The Belfast Rugby Trial: One Year on in Northern Ireland
Content warning: discussions of sexual violence, assault and rape.
The Belfast rugby rape trial, which concluded in March 2018, sent shockwaves around the island of Ireland and beyond. Seen as a catalyst for Northern Ireland’s #MeToo movement, the press coverage of the trial was shocking, and provoked outrage among those who support victims of sexual assault. Protests and rallies were sparked on both sides of the border following the acquittal of the rugby players on trial, with people coming out in their thousands to say, vehemently, #IBelieveHer. The trial brought attention to both the way the justice system and society at large treat survivors of sexual assault, and to the acute lack of services for victims of assault in Northern Ireland. The complainant disclosed during the course of the trial that after googling “Belfast rape crisis centre” and going there with a friend, she found that the service was no longer operating. In fact, there are still no dedicated rape crisis centres in the city of Belfast. The nearest facility is the Rowan sexual assault referral centre, an hour by bus from Belfast, which is based in the grounds of the Antrim County hospital.
While the trial was being splashed on the front pages of newspapers both sides of the border, groups who had already been working on re-establishing a dedicated centre for victims of sexual assault found more support for their cause. At the time, there were talks of a dedicated centre being set up in the city by November 2018. However, after a quick Google at the time of writing this article, it seems that this has yet to happen. In a Guardian article on the subject in June 2018, individuals and organisations working to establish this centre discussed how the lack of a Northern Ireland Assembly was hindering their progress. With no devolved government in place, it was even harder to secure funding and support for a service such as this.
This lack of a dedicated service is not to say that no one is trying to help victims of sexual assault in Northern Ireland. Charities such as Women’s Aid and Nexus offer helplines and counselling to victims, and the Rowan Institute provides forensic sampling to victims, whether or not they decide to press charges. However, there is something very telling in this gap, about how little Northern Ireland has changed in the wake of the Belfast rape trial, and in how women are treated there. Since the trial, there has been a referendum south of the border repealing the Eighth Amendment, and legislation to allow for abortion. This is not the case for Northern Ireland, the one remaining place where abortion is illegal in the British Isles. Some recommendations were made following the trial about how trials involving rape are conducted in Northern Ireland. However, there has been little change- again, most likely inhibited by the lack of a functioning government in Northern Ireland. While the DUP hold Theresa May under their thumb regarding Brexit and the border, victims of sexual assault, individuals who need abortions, and people who want to marry their same sex partner are all pushed to the background. In the meantime, two of the rugby players involved in the trial have gone on to play club rugby in France, while the complainant is consigned to the history books, and another case is added to the abysmal statistics of rape convictions in Northern Ireland.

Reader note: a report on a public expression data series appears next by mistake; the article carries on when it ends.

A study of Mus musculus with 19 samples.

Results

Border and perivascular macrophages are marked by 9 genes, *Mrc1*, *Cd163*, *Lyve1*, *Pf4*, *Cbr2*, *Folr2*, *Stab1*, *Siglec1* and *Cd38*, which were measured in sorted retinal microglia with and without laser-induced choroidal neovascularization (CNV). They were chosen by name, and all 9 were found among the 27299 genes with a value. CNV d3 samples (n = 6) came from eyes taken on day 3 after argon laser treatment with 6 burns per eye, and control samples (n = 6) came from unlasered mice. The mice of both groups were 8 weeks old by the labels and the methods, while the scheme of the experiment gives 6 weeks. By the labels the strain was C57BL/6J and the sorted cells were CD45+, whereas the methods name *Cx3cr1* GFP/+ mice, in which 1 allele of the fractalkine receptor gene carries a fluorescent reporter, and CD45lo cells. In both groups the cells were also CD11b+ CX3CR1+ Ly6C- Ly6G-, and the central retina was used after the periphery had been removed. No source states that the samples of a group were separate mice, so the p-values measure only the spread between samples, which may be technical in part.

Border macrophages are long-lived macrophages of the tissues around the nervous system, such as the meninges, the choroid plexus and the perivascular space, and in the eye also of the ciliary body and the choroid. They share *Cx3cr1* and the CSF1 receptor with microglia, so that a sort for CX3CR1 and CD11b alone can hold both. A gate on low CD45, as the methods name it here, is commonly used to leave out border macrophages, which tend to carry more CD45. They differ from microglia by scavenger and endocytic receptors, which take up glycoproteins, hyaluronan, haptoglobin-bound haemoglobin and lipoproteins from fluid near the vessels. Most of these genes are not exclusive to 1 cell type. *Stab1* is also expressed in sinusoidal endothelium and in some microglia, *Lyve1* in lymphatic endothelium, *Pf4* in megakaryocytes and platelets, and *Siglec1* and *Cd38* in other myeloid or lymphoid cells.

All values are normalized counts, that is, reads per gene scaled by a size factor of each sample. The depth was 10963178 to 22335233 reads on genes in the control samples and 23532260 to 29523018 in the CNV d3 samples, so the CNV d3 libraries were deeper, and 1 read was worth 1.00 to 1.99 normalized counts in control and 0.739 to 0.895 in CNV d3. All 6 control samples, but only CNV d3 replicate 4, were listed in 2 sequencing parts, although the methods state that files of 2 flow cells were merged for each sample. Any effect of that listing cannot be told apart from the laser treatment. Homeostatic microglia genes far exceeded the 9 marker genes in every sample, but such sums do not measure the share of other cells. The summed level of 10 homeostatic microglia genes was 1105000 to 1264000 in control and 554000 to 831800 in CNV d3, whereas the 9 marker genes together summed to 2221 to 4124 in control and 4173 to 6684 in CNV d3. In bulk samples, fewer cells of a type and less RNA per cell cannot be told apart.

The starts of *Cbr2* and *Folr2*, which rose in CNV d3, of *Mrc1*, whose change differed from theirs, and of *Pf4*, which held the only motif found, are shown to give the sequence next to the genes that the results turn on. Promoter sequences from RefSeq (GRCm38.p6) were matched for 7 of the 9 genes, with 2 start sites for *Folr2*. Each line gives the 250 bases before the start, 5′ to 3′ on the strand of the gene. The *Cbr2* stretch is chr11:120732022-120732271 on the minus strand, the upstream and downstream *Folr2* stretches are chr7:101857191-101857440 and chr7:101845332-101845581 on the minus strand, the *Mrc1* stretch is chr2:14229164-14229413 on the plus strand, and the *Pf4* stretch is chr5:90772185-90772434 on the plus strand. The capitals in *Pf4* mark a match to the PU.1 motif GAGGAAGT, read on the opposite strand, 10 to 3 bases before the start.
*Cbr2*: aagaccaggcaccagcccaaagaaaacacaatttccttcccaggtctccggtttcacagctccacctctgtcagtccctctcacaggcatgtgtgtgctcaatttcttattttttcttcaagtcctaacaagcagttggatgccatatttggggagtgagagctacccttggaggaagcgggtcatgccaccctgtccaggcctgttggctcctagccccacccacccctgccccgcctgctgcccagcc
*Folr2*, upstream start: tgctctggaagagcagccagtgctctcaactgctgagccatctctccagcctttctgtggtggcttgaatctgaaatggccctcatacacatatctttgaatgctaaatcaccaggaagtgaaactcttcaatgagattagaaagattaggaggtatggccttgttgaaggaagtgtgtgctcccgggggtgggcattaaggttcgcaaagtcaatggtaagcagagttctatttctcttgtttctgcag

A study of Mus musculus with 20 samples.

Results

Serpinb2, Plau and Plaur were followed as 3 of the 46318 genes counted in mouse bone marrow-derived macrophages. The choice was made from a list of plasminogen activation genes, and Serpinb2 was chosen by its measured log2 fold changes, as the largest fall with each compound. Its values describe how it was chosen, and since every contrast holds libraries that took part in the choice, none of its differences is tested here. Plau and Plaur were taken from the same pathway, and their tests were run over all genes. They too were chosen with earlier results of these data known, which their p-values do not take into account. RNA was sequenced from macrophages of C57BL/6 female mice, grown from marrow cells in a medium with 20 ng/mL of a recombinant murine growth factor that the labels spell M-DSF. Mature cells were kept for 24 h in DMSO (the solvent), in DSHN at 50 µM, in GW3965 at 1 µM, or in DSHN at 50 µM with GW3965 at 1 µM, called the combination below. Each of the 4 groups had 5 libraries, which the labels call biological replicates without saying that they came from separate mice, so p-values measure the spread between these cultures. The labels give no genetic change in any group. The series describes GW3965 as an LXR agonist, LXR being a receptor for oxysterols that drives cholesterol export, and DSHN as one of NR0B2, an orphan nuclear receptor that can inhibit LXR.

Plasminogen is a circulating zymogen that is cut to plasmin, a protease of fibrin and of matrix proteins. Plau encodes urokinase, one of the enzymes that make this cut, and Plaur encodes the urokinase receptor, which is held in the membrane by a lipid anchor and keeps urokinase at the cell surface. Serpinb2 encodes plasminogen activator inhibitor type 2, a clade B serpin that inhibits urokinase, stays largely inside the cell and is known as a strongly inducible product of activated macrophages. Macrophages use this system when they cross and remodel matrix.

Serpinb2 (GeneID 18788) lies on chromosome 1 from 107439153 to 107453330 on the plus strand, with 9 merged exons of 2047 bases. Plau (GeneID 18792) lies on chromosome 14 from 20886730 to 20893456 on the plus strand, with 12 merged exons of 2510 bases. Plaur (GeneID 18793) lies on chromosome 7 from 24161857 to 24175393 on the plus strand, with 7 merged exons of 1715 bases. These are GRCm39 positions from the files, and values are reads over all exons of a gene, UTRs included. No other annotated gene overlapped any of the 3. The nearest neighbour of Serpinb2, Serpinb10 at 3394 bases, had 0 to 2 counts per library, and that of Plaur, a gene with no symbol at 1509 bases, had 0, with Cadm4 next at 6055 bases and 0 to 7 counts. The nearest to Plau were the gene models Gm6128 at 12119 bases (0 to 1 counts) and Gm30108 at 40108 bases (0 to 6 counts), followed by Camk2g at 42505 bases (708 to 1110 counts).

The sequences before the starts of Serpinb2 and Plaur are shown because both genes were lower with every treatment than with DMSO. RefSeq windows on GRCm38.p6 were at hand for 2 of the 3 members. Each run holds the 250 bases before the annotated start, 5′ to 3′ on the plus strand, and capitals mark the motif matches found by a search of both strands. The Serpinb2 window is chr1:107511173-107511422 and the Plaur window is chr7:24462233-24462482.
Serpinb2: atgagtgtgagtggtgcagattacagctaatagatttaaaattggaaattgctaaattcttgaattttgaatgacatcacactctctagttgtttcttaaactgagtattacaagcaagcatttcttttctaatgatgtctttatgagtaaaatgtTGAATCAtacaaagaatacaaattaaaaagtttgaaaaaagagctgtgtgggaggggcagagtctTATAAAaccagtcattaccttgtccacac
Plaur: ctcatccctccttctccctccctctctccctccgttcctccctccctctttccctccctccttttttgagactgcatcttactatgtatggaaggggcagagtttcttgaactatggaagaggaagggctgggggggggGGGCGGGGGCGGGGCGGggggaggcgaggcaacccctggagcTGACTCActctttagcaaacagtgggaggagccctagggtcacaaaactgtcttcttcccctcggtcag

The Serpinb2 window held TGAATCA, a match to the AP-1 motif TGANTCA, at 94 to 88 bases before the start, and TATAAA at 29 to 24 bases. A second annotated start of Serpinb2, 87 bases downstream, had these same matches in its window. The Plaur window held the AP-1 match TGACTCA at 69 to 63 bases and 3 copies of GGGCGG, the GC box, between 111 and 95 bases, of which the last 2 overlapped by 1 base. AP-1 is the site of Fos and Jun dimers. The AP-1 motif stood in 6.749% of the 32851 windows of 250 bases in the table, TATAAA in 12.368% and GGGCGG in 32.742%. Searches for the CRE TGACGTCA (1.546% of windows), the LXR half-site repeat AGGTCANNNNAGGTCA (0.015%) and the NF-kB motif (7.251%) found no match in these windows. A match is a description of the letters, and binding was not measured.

We are over one year on from the conclusion of the trial, a conclusion which left all those who have experienced sexual assault, and all those who listen to and believe victims, desolate. And yet, still nothing has changed. Now, again, we must gather together to support those who are at their most vulnerable. We must raise awareness of this lack of services in Northern Ireland, and, if we are in a position to, donate to the few charities who are doing their best to support victims of sexual assault.